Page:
Miguel Nicolelis, a Brazilian neuroscientist working at Duke University in the United States, said that he has created a way of allowing animals to communicate with each other through artificial aids connected directly to their brains. The research into the “man-machine interface” could one day allow people to communicate directly with electronic devices by thought alone. It could allow paralysed people to control artificial limbs or give blind or deaf people the possibility of seeing or hearing with the help of brain implants.
Professor Nicolelis said that he has now taken the research into a different realm by creating what he has called the “brain-to-brain inferface”. He said he could not provide further details because the work is due to be published later this month in a peer-reviewed journal under a strict confidentiality agreement. Last week Professor Nicolelis announced in a study published in Nature Communications that he had given rats the ability to “feel” infrared light by attaching light detectors to the touch-sensitive regions of their brain, which normally detect the movements of their face whiskers.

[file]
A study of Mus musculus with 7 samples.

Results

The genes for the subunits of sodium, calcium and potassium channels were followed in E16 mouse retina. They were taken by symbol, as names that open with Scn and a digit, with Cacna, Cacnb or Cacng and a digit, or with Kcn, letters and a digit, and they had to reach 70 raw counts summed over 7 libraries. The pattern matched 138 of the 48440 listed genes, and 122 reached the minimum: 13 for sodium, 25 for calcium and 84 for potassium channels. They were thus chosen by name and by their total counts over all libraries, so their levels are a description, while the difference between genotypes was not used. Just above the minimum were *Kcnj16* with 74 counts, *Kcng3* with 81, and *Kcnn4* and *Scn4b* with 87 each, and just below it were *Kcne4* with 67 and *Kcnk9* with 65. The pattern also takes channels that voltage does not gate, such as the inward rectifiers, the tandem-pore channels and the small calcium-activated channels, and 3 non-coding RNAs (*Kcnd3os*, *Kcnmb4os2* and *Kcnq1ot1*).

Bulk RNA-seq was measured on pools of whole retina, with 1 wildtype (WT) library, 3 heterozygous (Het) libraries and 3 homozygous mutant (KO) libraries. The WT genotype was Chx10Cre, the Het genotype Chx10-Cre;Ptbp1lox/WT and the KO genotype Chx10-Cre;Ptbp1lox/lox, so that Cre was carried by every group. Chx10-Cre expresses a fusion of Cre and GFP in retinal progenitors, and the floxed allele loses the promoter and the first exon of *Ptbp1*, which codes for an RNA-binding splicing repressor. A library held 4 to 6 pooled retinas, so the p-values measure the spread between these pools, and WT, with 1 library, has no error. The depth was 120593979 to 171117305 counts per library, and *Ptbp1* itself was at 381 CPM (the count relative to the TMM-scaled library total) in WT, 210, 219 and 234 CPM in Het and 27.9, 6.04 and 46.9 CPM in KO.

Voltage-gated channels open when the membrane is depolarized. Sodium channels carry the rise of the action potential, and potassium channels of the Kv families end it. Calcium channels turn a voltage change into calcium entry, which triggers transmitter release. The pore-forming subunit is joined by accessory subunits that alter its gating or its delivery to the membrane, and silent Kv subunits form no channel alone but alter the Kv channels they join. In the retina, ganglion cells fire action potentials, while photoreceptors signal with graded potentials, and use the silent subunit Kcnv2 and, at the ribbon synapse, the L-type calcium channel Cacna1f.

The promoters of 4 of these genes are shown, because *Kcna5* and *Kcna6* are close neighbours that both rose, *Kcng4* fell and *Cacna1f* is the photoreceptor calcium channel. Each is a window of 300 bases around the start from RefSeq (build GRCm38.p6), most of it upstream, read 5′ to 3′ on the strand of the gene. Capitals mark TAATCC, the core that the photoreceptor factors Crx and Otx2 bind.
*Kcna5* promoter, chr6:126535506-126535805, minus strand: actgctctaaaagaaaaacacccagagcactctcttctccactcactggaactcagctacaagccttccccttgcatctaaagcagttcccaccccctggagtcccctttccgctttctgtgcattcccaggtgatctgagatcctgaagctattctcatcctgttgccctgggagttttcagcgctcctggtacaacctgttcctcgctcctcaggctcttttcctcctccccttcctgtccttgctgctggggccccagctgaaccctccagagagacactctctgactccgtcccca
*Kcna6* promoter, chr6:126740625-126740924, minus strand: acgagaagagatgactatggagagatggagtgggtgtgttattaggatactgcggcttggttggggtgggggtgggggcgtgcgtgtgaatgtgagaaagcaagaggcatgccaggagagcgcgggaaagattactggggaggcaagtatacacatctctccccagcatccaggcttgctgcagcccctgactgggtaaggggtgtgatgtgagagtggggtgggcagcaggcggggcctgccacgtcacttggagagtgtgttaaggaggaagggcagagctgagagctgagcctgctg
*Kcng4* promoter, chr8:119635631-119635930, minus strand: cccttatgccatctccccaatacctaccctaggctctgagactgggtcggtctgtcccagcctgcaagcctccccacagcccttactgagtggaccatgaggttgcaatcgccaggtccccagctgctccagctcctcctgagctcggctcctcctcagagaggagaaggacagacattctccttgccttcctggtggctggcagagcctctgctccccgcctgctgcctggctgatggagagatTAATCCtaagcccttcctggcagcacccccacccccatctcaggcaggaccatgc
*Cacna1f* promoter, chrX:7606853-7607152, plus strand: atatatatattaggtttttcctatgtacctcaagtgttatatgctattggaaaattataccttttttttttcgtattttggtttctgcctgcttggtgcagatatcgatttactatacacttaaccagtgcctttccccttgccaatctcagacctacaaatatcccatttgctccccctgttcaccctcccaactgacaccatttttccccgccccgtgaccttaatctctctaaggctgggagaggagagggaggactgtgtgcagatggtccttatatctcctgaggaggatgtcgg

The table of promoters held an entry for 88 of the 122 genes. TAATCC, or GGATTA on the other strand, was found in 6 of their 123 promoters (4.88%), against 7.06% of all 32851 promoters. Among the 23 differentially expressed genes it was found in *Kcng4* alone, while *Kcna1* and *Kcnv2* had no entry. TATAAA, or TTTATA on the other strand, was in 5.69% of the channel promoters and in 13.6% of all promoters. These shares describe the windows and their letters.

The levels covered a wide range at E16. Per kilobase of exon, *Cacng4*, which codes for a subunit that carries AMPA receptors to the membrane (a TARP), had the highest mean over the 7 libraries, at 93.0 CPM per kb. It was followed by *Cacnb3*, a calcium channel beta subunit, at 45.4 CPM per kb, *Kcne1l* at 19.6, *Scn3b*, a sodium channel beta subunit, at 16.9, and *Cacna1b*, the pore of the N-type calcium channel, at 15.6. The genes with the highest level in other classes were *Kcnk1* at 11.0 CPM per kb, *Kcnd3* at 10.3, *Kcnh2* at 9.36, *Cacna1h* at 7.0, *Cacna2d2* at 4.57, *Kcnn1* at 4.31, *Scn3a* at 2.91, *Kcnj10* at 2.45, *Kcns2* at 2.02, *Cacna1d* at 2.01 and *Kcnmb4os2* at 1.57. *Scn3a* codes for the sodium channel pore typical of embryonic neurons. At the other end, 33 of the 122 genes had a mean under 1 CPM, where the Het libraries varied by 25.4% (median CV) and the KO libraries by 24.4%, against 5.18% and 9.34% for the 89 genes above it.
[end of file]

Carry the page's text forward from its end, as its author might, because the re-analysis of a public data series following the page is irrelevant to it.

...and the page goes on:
“They learned to touch invisible light that is delivered by stimulating the touch cortex [of the brain]. In 30 days these animals acquired this pseudo-touch and we learned that they could use this to control other devices,” he told the American Association for the Advancement of Science in Boston. “It was a big surprise because we bypassed the skin, we didn’t use the skin to deliver this signal...the animal is feeling light, not seeing light. It’s very interesting,” he said.
“We have extended this concept to what we have called a brain-to-brain interface...It’s an interface that no-one has dreamed could be done,” he added. Although the researchers used infra-red light, Professor Nicolelis said that any physical energy, such as ultrasound, radio-waves or magnetic fields could be used as a new kind of sense. It raised the prospect in the future of augmenting the human senses with brain implants that could detect things that are currently undetectable by the body, such as ultrasound, he said.
The rats in the experiment initially tried to rub their whiskers when they detected infra-red light. This was because a miniature light detector fitted to their heads was sending electrical impulses directly to the touch-sensitive region of the brain connected to whisker movements. However, within the space of a few weeks they had learnt through training to distinguish this extra, artificial sense from real stimulation of their whiskers and use it to find water in a completely dark chamber, Professor Nicolelis said.
“It’s like driving a car or riding a bike. My suspicion is that these animals are feeling touch, its different from regular touch in that they are projecting the feeling of touch, not from their body, but to the external world,” he said. “We have a monkey now that learned the same task and I was surprised at how quick he was. Now we are equipping our rats with a 360-degree view of the environment so that they can see infrared anywhere, up and down,” he added.